After reading about the Flower of Life for several months from a wide range of authors from the ancient Greeks to the modern new age, I felt ready to draw my own Flower of Life symbol.  I wanted to try and put myself in touch with Jung’s collective unconscious through the practice of scared geometry, using it as a metaphor for universal order, where in his book Sacred Geometry Lawlor advises us that “it is the approach to the starting point of the geometric activity which radically separates what we may call the sacred from the mundane or secular geometries” (Lawlor, 1987, p16).  In his dialogue ‘The Republic’ Plato said that “God is always doing geometry”, and it is said that above the door to the Academy in Athens which he founded, and which was the first institution of higher education in the Western world, the words were inscribed “let no one ignorant of geometry enter” (  It was with some trepidation, and a feeling of pressure to do justice to my attempt, that I sat and started my first Flower of Life symbol.

Flower of life in the church of the Preveli monastery, Crete

Middle Eastern silver goblet, 600-500 BCE

Ephesus, Turkey, 1st century BCE

This symbol is currently known as The Flower of Life, the present name is commonly attributed to the new age author Drumvalo Malchizedek from his book The Ancient Secret of the Flower of Life, Volume 1, 1990, but has spanned multiple ages of humanity.  I suggest this symbol is part of a pool of shared unconscious wisdom, as it can be used to show what we have come to know as the Platonic solids coming to public consciousness in various periods in history from as far back as 3200 BCE in the Orkney Islands, through Old Egypt, Plato, the Renaissance (Leonardo da Vinci, Johannes Kepler), and presently Malchizedek.  A symbol created through the practice of sacred geometry allows “a link [to be] forged between the most concrete (form and measure) and the most abstract realms of thought” (Lawlor, 1987, p14), and this symbol in particular as well as showing us the Platonic solids, also shows a link between these solids, and via their inherent spheres, teach the orbits of the easily visible planets of our solar system.   This would be a powerful teaching tool, as one only needs a compass to replicate it.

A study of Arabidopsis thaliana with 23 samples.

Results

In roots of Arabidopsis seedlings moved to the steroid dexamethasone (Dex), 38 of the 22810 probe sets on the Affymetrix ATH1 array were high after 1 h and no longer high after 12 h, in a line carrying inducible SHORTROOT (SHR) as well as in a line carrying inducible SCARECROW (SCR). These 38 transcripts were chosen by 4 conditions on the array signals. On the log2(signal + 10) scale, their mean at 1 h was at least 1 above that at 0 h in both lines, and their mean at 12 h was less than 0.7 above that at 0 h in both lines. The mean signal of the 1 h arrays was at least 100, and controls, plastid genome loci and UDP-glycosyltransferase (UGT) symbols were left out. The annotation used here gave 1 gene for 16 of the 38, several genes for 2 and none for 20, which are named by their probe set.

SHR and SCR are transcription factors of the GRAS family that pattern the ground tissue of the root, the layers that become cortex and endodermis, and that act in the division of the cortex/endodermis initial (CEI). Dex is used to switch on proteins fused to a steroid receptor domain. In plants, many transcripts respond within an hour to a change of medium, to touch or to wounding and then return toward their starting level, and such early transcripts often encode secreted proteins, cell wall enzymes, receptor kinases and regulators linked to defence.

My Creative Process

I started to draw overlapping circles on, and with, several different mediums, but while Burnyeat tells us of “the extended paradise of Geometry” (2000, p76), this feeling of paradise, extended or not, only came when everything came together with a completed Flower of Life symbol, because a small deviation in the first round of six circles compounds to quite a problem when you get to the third round of circles.  I felt guilty of the messes I created when it went wrong, also remembering that Lawlor suggests “the primary geometric forms are considered to be the creative thoughts of God” (Lawlor, 1987, p17), but realised that when I mentally found a contemplative space and enjoyed the process of geometry, instead of concentrating on a neat outcome, the neat and magical outcome would come of its own accord. Lawlor says that when a geometer is equipped with a compass “a link is forged between the most concrete (form and measure) and the most abstract realms of thought” and that by seeking out that relationship “we bring ourselves into resonance with universal order” (Lawlor, 1987, p14).